Guitar scales are simply groups of notes that differ by various tonal relationships. In modern western music we have a total of twelve tones. Various permutations of these tones create different scale types. Each of the twelve tones are separated in pitch with equal intervals which we call half steps, half tones or semitones (one fret on the guitar). When all twelve tones are used together it is called the chromatic scale. If you play all twelve notes sequentially, the interval (pitch difference) between each note in the sequence will be the same. If for instance we start with C and end with C, we call it the C chromatic scale. If we start with G and end with G, it's called the G chromatic scale, etc.. No matter what note you start with, the intervals between each note remain the same, i.e., H H H H H H H H H H H H where each 'H' means half tone.

The distance between each fret on the guitar is a half tone. The distance between any two frets is called a whole tone. If we take the chromatic scale and skip every other note we create what is called a whole tone scale. This consists of six notes. For example:

C Chromatic Scale notes - C C# D D# E F F# G G# A A# B C

C Whole Tone Scale notes - C D E F# G# A# C (W W W W W W)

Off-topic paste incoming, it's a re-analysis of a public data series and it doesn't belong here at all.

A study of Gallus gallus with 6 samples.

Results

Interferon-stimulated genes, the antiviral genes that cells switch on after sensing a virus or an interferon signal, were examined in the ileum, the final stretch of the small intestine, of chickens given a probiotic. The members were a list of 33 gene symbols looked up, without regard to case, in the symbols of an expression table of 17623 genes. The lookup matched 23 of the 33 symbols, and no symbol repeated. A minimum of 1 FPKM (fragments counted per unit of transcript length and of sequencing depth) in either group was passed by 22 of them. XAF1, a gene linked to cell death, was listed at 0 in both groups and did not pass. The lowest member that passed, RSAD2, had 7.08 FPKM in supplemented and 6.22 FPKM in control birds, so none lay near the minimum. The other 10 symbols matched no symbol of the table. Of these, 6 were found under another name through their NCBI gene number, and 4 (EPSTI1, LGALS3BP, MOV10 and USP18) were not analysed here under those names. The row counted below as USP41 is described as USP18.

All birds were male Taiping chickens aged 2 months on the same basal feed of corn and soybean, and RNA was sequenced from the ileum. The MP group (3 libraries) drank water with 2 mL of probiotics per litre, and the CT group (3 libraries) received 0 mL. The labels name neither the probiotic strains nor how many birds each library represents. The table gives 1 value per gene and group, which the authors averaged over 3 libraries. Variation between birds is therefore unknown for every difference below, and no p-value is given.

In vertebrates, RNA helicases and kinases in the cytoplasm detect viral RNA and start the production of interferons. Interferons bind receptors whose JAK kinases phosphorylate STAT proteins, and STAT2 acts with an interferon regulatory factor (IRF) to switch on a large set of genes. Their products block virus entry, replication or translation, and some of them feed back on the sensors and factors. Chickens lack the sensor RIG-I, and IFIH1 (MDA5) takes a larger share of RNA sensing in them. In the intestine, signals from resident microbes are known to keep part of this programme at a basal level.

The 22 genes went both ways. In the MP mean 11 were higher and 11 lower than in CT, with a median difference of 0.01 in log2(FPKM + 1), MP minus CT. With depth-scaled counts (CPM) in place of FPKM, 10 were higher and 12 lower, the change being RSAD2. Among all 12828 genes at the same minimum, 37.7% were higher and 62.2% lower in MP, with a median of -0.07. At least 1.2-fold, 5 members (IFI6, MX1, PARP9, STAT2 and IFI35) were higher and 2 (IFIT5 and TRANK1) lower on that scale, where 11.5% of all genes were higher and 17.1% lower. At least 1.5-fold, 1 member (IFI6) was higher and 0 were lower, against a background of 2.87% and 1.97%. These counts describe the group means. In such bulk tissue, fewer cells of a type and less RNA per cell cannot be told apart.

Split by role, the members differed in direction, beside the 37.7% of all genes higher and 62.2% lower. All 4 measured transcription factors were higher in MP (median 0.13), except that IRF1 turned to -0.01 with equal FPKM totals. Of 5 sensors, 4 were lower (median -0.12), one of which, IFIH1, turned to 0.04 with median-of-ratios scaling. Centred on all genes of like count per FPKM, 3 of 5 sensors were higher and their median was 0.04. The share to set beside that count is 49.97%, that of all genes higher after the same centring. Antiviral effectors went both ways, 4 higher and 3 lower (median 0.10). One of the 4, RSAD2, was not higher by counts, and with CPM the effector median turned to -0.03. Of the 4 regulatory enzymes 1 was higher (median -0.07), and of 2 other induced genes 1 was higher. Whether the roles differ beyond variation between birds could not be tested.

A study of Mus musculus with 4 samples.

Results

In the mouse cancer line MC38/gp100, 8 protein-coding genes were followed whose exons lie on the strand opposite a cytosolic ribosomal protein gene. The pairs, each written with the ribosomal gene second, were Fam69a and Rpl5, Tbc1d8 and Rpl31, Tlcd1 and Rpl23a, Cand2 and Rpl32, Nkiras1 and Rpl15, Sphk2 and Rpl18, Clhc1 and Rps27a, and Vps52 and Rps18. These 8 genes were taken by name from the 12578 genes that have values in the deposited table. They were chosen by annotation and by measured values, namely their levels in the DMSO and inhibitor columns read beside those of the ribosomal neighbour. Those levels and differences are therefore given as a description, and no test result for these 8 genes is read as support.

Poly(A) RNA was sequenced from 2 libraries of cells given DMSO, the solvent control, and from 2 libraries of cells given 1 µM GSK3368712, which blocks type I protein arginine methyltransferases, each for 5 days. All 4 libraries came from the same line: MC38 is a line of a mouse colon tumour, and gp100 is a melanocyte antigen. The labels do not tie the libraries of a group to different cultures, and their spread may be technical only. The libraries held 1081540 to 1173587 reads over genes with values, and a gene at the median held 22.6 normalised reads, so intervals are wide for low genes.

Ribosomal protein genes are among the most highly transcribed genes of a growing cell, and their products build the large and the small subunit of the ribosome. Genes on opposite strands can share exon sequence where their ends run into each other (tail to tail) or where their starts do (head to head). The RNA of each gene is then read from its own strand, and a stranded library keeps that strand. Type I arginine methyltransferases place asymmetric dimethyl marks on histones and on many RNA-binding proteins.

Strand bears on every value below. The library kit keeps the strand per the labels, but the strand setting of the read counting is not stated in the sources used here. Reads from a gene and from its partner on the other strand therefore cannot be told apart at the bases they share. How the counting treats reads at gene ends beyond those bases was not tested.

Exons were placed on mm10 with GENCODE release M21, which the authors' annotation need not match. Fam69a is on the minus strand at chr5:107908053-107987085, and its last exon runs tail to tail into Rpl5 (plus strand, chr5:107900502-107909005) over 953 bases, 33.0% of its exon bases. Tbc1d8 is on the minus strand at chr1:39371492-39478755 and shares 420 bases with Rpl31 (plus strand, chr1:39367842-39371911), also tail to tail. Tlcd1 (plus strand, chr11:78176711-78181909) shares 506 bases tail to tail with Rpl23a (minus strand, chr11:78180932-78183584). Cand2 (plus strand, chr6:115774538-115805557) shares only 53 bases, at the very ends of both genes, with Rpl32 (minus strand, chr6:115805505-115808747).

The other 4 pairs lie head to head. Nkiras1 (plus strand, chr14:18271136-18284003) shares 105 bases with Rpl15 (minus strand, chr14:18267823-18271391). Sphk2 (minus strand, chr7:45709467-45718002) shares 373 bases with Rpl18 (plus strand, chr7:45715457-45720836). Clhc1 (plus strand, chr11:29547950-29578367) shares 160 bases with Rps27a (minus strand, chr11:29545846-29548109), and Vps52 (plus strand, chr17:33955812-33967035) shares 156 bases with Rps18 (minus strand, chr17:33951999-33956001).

With the whole tone scale, like the chromatic scale, the intervallic distance between each note remains the same no matter what note you start with. In other words, the octave is divided equally. These kinds of scales are called symmetric scales. Other symmetric scales are the diminished scale with intervals of three half steps between notes and the augmented scale with equal note intervals of two whole steps. All other scale types are non symmetrical with the exception of the Tri-tone which splits the octave in two.

The two most common scale types are the diatonic scales which have seven notes and the pentatonic scales which consist of five notes. These get a little bit more complicated because being non symmetrical, their intervallic distances between each note will change whenever the scale starts on a different note. For example, the C major scale consists of the notes C D E F G A B. If however we start on the note D, the notes will remain the same throughout the scale but the intervals between notes will change.

The interval relationship of the notes in the major scale are ... WWHWWWH. Looking back at the notes in the C major scale we can see that if we start the scale from D then the intervals now become WHWWWHW. So the notes remain the same but the note relationship changes. Non symmetrical, diatonic scales therefore can be broken up into further scale types just by starting on a different note within the scale. These variations are what we call modes. For more on modes see Guitar scales and modes.

The major scale is used as a kind of 'base' scale for use in music theory. Chords, keys etc., are all explained by using the major scale as a reference. This in itself is another topic. To understand this, see the section here - learn guitar theory.